In a report, PwC Canada conducted a survey of 3,521 consumers in seven key countries—Australia, France, Germany, Italy, Japan, Mexico and the United Kingdom—on their perceptions of Canada and Canadian goods and brands. With 71.5 per cent of Canadian exports went to the United States in 2018, consumer demands are increasingly coming from elsewhere.

“Consumers in overseas markets aren’t necessarily familiar with Canadian companies. If a brand isn’t doing enough to identify themselves as Canadian, a customer might recognize a brand name without realizing it’s Canadian,” said Anita McOuat, PwC. “The positive traits associated with being Canadian like trustworthiness, reliability and quality have created a halo effect for Canadian goods. That’s an easy shorthand for brands entering into new markets.”

Digital channels are increasing brand awareness

In many cases, a digital approach will be at the heart of establishing a presence in international markets, followed by careful and gradual expansion to other channels as those efforts produce results. More than ever before, people are becoming familiar with Canada via digital channels. Two-thirds of respondents were at least generally aware of Canadian products, and awareness tended to be significantly higher amongst younger generations who are more active on digital channels. Overall, 96 per cent of respondents held a positive view of Canada. Of those surveyed, 40 per cent say they’ve visited Canada and only four per cent said they had no interest in ever coming to this country.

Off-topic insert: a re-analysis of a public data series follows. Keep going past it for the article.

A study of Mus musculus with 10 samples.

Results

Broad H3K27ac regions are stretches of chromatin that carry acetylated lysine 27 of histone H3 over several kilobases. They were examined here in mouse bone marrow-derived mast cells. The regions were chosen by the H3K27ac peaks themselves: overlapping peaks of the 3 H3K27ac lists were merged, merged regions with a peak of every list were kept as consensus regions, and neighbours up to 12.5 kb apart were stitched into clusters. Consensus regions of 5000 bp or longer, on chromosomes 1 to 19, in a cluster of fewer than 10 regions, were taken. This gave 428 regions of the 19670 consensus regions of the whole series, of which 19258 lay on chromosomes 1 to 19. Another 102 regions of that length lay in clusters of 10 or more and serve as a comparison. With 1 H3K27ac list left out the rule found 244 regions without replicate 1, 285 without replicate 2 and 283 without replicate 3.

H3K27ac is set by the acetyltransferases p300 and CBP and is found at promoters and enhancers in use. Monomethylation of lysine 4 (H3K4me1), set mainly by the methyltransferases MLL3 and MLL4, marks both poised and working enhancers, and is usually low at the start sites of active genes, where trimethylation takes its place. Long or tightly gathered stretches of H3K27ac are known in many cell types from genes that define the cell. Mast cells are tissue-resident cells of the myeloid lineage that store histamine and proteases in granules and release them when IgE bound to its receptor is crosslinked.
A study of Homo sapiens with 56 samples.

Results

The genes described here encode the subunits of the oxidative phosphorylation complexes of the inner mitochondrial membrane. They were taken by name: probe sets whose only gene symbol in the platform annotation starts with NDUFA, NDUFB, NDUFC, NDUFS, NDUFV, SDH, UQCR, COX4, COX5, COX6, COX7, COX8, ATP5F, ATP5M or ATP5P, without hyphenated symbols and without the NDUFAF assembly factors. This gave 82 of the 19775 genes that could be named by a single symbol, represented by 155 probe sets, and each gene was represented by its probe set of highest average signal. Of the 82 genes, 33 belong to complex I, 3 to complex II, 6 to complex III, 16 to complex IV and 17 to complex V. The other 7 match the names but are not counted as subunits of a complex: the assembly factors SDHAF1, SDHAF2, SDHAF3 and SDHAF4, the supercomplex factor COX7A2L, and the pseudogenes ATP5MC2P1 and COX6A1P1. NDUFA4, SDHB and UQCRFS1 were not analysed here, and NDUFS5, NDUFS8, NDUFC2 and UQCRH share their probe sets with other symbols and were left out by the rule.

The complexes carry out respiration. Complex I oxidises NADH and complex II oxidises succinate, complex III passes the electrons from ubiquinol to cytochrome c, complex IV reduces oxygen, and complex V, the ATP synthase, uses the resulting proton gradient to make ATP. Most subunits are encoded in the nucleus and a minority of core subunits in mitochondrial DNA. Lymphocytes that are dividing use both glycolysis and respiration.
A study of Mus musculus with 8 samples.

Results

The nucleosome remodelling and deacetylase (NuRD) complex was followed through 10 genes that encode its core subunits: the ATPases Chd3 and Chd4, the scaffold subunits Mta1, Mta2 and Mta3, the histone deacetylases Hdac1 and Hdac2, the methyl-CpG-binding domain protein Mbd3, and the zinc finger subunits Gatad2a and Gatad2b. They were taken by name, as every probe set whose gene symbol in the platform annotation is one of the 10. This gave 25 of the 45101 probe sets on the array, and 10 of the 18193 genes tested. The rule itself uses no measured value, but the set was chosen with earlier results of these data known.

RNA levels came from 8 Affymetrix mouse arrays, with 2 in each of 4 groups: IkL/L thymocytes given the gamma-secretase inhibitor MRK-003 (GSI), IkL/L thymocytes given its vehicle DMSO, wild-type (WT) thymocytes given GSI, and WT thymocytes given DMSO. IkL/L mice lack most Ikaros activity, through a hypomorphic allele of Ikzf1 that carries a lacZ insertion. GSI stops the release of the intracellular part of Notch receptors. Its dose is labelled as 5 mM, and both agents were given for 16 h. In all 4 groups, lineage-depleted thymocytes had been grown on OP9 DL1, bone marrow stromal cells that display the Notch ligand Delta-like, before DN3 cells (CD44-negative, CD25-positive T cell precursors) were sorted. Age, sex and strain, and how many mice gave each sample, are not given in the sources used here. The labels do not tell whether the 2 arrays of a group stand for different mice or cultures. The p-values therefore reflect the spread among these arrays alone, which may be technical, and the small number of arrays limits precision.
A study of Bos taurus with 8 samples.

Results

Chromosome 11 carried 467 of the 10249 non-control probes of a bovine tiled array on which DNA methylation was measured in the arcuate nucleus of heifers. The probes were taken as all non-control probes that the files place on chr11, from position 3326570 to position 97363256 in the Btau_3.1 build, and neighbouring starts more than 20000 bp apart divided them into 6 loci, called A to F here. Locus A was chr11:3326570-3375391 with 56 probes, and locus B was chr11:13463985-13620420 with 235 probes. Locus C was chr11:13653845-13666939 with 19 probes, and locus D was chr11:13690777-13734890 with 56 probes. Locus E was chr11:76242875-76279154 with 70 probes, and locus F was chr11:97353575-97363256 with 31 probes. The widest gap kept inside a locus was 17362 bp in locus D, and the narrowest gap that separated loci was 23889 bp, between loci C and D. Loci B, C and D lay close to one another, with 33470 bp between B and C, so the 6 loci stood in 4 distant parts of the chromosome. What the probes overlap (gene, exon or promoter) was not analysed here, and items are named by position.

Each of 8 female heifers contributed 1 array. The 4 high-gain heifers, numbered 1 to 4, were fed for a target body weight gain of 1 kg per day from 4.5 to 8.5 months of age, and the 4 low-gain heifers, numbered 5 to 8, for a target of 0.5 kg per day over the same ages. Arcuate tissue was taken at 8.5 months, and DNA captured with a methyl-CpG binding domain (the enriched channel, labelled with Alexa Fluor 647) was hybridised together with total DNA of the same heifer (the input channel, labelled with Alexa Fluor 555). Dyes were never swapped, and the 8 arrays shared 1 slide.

72 per cent of respondents report having bought Canadian products

At the top of the product categories, 89 per cent believe Canadian furniture and home goods to be of the same or better quality, while 88 per cent said the same for food and beverages. Across all product categories, respondents pointed to a greater likelihood to buy Canadian goods in the future.

Partnerships bringing Canadian brands into new markets

The top barrier to purchasing Canadian goods, by a wide margin, was that Canadian products aren’t available in their country. According to the Made in Canada report, the current geopolitical environment makes it an ideal time to take a look at readiness for international expansion.

On the financial side, structuring operations in a way that minimizes tax burdens and maximizes the return of earnings to Canada is an important part of keeping revenues in Canada.